WHA Hall of Fame

From an Alberta Oilers game program, how the Oilers have tried to gain an edge on conditioning:

In This Corner ...

Alberta Oilers should be prepared about the same time they make their next visit to Madison Square Garden.

It'll be Louis vs. Schmeling, Dempsey vs. Tunney, Marciano vs. Walcott and Clay-Ali vs. Frazier all over again.

That's if the program is a failure.

If it's a success, Oilers hope it'll be something like Russia vs. Japan in Olympic hockey.

What the Oilers have done in an effort to stop the slide which swept the club from first place to fifth is hire a boxer to teach them how to play hockey like the Russians.

“No wonder they're in fifth,” you say?

Actually, it makes some sense.

Oilers have hired Johann Louw, a recently retired Canadian boxing champion, to direct a Russian-like physical fitness program for the club. If any of his boxing talent rubs off, so much the better.

“It's something I'd talked about before the start of our training camp,” said Coach Ray Kinasewich.

"But the problem was to find someone who was qualified.”

“I mentioned some of the things the Russians did to get and keep their players in shape that I figured we could adopt.”

“The stomach seems to be the one part of the body a hockey player first allows to get a little out of shape. The arms and shoulders are other areas that need work. In playing and practicing the game, there aren't many activities that help keep those areas in shape and strong.”

“I didn't really have any idea what exercises we'd do but we figured it would be a good idea to look around and see if we could find someone qualified to handle that area.”

“I spoke to Bill Hunter (Oiler General Manager) about it and he thought it was a heck of an idea.”

“When Johann retired from boxing a third of the way into our schedule, we spoke to him about it.”

Kinasewich and Assistant Coach Glenn Hall had several meetings with Louw before starting the program.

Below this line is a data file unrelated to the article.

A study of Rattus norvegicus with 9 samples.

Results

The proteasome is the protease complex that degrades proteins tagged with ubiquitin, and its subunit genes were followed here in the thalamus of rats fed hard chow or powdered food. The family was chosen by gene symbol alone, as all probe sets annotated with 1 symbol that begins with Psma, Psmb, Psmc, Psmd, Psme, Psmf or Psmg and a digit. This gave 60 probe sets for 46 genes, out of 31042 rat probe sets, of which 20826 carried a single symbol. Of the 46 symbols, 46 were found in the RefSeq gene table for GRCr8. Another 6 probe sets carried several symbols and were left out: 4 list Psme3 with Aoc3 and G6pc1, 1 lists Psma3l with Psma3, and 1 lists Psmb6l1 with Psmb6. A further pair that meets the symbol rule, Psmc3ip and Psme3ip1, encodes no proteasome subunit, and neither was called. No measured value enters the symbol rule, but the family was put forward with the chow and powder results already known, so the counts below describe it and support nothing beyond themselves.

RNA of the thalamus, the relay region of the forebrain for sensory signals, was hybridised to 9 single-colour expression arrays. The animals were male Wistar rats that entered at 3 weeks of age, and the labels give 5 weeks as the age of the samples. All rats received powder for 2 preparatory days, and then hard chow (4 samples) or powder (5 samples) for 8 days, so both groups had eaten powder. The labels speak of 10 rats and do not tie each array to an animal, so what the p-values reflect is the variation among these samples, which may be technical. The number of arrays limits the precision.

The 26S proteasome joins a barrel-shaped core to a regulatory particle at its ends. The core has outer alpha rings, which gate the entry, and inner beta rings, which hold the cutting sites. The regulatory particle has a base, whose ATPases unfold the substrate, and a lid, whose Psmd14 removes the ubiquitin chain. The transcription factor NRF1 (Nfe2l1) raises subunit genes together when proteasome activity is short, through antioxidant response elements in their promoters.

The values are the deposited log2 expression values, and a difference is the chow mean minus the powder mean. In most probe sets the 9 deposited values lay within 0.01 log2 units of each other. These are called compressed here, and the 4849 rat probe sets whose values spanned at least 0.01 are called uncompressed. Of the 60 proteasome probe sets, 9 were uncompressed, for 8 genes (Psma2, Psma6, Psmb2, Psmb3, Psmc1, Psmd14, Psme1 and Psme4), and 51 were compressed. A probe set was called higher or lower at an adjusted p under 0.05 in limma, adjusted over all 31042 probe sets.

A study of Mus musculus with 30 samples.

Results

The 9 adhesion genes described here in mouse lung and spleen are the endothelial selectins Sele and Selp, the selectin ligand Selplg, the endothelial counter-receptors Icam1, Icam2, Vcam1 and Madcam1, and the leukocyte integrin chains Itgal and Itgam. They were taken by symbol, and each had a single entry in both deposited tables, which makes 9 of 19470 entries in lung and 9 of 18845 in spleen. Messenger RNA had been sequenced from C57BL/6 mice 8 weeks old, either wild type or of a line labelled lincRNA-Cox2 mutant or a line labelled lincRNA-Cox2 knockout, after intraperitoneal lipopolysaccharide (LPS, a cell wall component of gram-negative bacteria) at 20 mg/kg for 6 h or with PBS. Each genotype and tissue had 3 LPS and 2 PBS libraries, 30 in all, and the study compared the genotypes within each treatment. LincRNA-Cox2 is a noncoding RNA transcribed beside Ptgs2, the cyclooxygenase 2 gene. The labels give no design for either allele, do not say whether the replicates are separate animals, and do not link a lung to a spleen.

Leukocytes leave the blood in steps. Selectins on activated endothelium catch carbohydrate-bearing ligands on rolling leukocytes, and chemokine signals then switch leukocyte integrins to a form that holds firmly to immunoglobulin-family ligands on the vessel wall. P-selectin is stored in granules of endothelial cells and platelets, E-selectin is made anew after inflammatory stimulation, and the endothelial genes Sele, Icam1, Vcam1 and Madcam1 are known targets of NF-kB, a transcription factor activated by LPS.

“We found our players to be suffering a little in confidence. The lack of confidence and production was our major concern.”

“Johann decided to dwell on this specifically. He said this is a part of what he wanted to do.”

So the program began and Oilers spent several complete practices without so much as putting on skates. They could be seen running up and down the stands in the arena and throwing medicine balls into each other's chests.”

“The players actually enjoy it. They like the break from the routine of practices. I personally have seen a remarkable change in players.”

Johann decided to use exercises he's used in boxing, partly because he was familiar with them and partly because he knew they worked,” said Kinasewich of the soft spoken Edmontonian fighter who came to Canada from South Africa to obtain a degree at the University of Alberta.

“It's a variation of exercises that he always plans in detail. He treats them as a team and as individuals. The results are amazing. Al Hamilton and Bob Falkenberg are examples and Rusty Patenaude and Eddie Joyal work hard, have had good results and say they enjoy it.”

“It breaks the routine. Players look forward to it.”

“We want the club to be at 90% efficiency physically. If they obtain that then it's a proven fact that they'll be sharper mentally as well. At the start of the program, I'd say we were operating at 75 to 80% efficiency.”

“I'm 100% convinced this is the way to go. We plan to assign a program for each player in the off season and, for those living in Edmonton, we plan on having sessions twice a week.”